By Attorney Howard Iken Special to THELAW.TV New Family Patterns In today’s society, the makeup of families is not quite as traditional or cookie cutter as in the past. Marriage is not an essential element in any relationship and society no longer looks down on single parent households. There are households with one parent, two…
Shipments of products as varied as flat-screen TVs, sneakers and snow shovels could sit idle at sea or get rerouted, at great time and expense, if more than 14,000 longshoremen go on strike as threatened — a wide-ranging work stoppage that would immediately close cargo ports on the East Coast and the Gulf of Mexico to container ships.
The White House on Friday urged dock workers, port owners and shippers to resolve a labor dispute that threatens to deteriorate into a strike that could affect 15 ports on the U.S. Atlantic and Gulf coasts, Reuters reports.
Dock workers, port operators and shippers face a deadline on Saturday for resolving the dispute.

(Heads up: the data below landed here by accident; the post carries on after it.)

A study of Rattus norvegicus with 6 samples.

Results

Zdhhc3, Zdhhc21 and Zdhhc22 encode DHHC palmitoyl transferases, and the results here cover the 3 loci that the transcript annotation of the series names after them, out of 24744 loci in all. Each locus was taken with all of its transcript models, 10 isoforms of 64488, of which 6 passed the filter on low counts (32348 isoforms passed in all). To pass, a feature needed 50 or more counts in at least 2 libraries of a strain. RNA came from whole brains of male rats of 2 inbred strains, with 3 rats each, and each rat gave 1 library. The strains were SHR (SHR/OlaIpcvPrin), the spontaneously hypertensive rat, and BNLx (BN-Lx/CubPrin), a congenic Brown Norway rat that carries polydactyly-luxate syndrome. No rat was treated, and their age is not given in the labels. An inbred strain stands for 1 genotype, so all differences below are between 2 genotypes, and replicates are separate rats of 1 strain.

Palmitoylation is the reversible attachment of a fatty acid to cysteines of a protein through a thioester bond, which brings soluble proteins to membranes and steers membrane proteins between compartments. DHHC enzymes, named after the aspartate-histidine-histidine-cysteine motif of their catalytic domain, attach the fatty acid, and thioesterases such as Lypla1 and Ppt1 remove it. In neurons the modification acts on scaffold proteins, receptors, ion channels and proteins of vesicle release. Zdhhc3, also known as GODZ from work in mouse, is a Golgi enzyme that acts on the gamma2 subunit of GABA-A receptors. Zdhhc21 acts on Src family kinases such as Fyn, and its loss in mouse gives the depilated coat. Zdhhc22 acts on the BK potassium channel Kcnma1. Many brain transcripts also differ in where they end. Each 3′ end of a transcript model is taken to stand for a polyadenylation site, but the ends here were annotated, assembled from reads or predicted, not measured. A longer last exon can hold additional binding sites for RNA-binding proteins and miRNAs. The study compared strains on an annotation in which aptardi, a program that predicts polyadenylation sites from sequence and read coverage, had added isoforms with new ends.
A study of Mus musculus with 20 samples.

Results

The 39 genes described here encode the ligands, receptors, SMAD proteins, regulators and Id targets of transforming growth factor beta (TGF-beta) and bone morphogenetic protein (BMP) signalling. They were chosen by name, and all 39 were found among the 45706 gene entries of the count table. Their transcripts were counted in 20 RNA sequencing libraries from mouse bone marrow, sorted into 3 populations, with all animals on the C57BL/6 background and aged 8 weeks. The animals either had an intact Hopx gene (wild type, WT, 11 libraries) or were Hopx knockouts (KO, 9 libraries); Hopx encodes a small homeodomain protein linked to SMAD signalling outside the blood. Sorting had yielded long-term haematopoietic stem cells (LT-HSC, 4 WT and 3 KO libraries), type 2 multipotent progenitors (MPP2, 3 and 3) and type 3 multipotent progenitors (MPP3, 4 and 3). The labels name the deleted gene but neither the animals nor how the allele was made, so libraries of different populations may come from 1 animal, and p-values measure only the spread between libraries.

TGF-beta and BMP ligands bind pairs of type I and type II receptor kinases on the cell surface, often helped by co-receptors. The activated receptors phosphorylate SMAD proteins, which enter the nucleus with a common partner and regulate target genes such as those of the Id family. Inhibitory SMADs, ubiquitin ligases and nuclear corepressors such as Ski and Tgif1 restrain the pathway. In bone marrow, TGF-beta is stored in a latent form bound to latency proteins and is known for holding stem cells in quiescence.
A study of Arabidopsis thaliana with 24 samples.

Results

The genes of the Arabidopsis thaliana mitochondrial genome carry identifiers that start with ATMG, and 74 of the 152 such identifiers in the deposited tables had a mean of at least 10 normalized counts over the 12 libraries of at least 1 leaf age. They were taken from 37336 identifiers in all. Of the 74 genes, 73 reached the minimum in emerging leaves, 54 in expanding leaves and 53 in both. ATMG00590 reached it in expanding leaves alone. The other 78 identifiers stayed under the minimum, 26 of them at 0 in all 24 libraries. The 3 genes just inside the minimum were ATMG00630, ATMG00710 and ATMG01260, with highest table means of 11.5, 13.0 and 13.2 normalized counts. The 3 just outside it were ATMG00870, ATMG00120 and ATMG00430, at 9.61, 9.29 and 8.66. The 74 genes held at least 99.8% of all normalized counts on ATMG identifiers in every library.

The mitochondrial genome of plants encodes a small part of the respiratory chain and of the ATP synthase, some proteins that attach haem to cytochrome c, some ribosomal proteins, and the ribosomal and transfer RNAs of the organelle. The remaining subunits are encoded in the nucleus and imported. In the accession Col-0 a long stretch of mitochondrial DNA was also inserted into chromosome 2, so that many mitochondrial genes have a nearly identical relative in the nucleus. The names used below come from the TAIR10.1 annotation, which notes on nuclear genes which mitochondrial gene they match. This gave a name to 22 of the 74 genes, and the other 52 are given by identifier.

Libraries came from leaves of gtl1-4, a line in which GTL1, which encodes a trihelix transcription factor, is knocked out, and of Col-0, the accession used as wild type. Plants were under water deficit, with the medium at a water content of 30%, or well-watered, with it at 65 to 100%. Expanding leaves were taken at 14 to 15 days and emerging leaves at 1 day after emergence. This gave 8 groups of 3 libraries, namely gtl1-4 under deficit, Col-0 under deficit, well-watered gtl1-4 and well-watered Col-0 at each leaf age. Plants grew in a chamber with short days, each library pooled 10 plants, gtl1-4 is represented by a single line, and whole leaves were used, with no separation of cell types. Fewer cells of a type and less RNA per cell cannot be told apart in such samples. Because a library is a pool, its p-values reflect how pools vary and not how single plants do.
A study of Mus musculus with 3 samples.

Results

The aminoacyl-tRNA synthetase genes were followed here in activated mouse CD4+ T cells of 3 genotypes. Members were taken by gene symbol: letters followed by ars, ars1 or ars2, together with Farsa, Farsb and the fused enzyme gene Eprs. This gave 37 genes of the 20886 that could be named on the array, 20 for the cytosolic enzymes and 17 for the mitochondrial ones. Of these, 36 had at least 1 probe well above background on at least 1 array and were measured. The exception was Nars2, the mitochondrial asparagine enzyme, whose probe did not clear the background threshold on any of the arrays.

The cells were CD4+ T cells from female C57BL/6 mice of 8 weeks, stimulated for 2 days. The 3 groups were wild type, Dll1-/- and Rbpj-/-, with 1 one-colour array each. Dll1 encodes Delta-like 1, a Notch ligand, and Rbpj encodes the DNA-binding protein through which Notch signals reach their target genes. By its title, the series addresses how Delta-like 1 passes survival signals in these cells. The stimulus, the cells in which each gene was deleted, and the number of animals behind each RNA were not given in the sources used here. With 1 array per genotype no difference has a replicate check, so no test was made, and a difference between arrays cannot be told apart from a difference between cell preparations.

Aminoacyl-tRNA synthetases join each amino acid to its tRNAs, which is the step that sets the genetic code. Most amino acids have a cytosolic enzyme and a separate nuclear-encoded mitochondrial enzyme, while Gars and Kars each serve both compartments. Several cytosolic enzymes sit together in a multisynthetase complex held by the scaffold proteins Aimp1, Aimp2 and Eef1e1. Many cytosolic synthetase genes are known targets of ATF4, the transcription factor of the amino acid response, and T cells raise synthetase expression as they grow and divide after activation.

Federal mediators have been trying to push negotiations along, but there has been no word from either side on the progress of the talks since Dec. 24. As recently as Dec. 19, the president of the longshoremen, Harold Daggett, said the talks weren’t going well and that a strike was expected.
The International Longshoremen’s Association, the union representing the dock workers, and the U.S. Maritime Alliance, a group of shippers and port operators, are deadlocked over an employment contract that expired at the end of September but has been extended. The union has said that if the contract expires without a resolution, it could call a strike a day later.
The White House had no comment on whether the president would consider invoking federal law to impose a cooling off period. Florida Governor Rick Scott, a Republican, asked President Obama to invoke the 1947 Taft-Hartley Act, which allows the president to prevent or interrupt a work stoppage.
The law calls for an 80-day cooling off period and mediation.